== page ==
Google, Amazon will have to tell how they rank their rivals per new EU guidelines

Google was hit with a $2.7 billion EU antitrust fine in 2017 for favouring its own service.


Google, Amazon and other tech firms will have to tell companies how they rank their own or rival products on their platforms under new rules agreed by EU negotiators aimed at stopping unfair practices by online platforms and app stores. Proposed by the European Commission in April last year, the platform-to-business (P2B) law is targeted at Google Play, Apple App Store, Microsoft Store, Amazon Marketplace, and Fnac Marketplace.

Facebook, Instagram, Skyscanner and Google Shopping, Google Search, Seznam.cz, Yahoo!, DuckDuckGo, Bing are also among the 7,000 online companies covered by the proposed rules. Google was hit with a 2.42-billion-euro ($2.7 billion) EU antitrust fine in 2017 for favouring its own price comparison shopping service, while regulators are examining whether Amazon uses merchants' data illegally to make copycat products.

The rules include a blacklist of unfair trading practices, require companies to set up an internal system to handle complaints and allow businesses to group together to sue platforms. "Our target is to outlaw some of the most unfair practices and create a benchmark for transparency, at the same time safeguarding the great advantages of online platforms both for consumers and for businesses," EU digital chief Andrus Ansip said.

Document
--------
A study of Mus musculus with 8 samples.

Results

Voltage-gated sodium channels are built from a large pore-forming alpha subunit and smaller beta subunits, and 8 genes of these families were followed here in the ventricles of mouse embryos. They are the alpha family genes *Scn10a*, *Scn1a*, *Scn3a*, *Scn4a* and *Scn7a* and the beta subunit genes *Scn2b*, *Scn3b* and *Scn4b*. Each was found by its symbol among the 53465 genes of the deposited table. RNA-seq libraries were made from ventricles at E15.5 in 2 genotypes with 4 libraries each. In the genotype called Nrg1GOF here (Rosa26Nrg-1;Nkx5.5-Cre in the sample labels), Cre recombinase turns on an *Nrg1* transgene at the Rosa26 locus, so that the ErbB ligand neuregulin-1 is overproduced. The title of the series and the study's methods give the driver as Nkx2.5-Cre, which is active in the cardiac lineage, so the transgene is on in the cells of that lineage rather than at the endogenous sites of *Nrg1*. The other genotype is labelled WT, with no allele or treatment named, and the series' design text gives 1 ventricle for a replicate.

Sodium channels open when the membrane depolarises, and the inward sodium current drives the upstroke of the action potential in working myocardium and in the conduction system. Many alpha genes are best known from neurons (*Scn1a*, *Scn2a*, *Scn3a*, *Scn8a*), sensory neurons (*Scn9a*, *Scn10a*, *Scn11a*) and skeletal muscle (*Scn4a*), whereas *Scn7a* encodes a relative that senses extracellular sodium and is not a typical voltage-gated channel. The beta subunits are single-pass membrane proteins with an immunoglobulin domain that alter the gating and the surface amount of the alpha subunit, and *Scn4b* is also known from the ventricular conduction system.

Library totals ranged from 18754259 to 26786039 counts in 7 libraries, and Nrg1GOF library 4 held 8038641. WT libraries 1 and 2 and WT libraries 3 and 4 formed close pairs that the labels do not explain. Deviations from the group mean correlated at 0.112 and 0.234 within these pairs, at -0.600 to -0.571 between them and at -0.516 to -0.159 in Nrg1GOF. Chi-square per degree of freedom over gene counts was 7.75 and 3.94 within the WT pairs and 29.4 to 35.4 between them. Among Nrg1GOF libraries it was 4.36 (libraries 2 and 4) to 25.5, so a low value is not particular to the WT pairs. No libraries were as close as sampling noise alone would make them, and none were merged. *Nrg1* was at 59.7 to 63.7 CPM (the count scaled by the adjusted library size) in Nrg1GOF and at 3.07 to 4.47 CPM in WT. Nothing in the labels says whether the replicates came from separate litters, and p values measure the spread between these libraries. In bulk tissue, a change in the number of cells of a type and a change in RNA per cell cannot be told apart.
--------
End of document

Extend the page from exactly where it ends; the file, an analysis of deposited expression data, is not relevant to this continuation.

Google, Amazon will have to tell how they rank their rivals per new EU guidelines

With the new investment Google will now be in 24 out of the 50 states in the US. Image: Google

The tech industry expressed relief at the relatively light-touch regulatory approach. "It seems EU policymakers understood that imposing such a one-size-fits-all framework makes little sense in one of the most diverse and dynamic sectors of the economy," Jakob Kucharczyk of tech lobbying group CCIA said. Negotiators from EU countries, the European Parliament and the Commission agreed on the rules in the early hours of Thursday. They will now have to be rubber-stamped by EU countries and the assembly before becoming law.

European regulators have been cracking down on perceived unfair practices by some U.S. tech giants, who can have a huge influence in the markets in which they operate. Austria's competition authority said on Thursday it has begun investigating whether Amazon is exploiting its market dominance in relation to other retailers.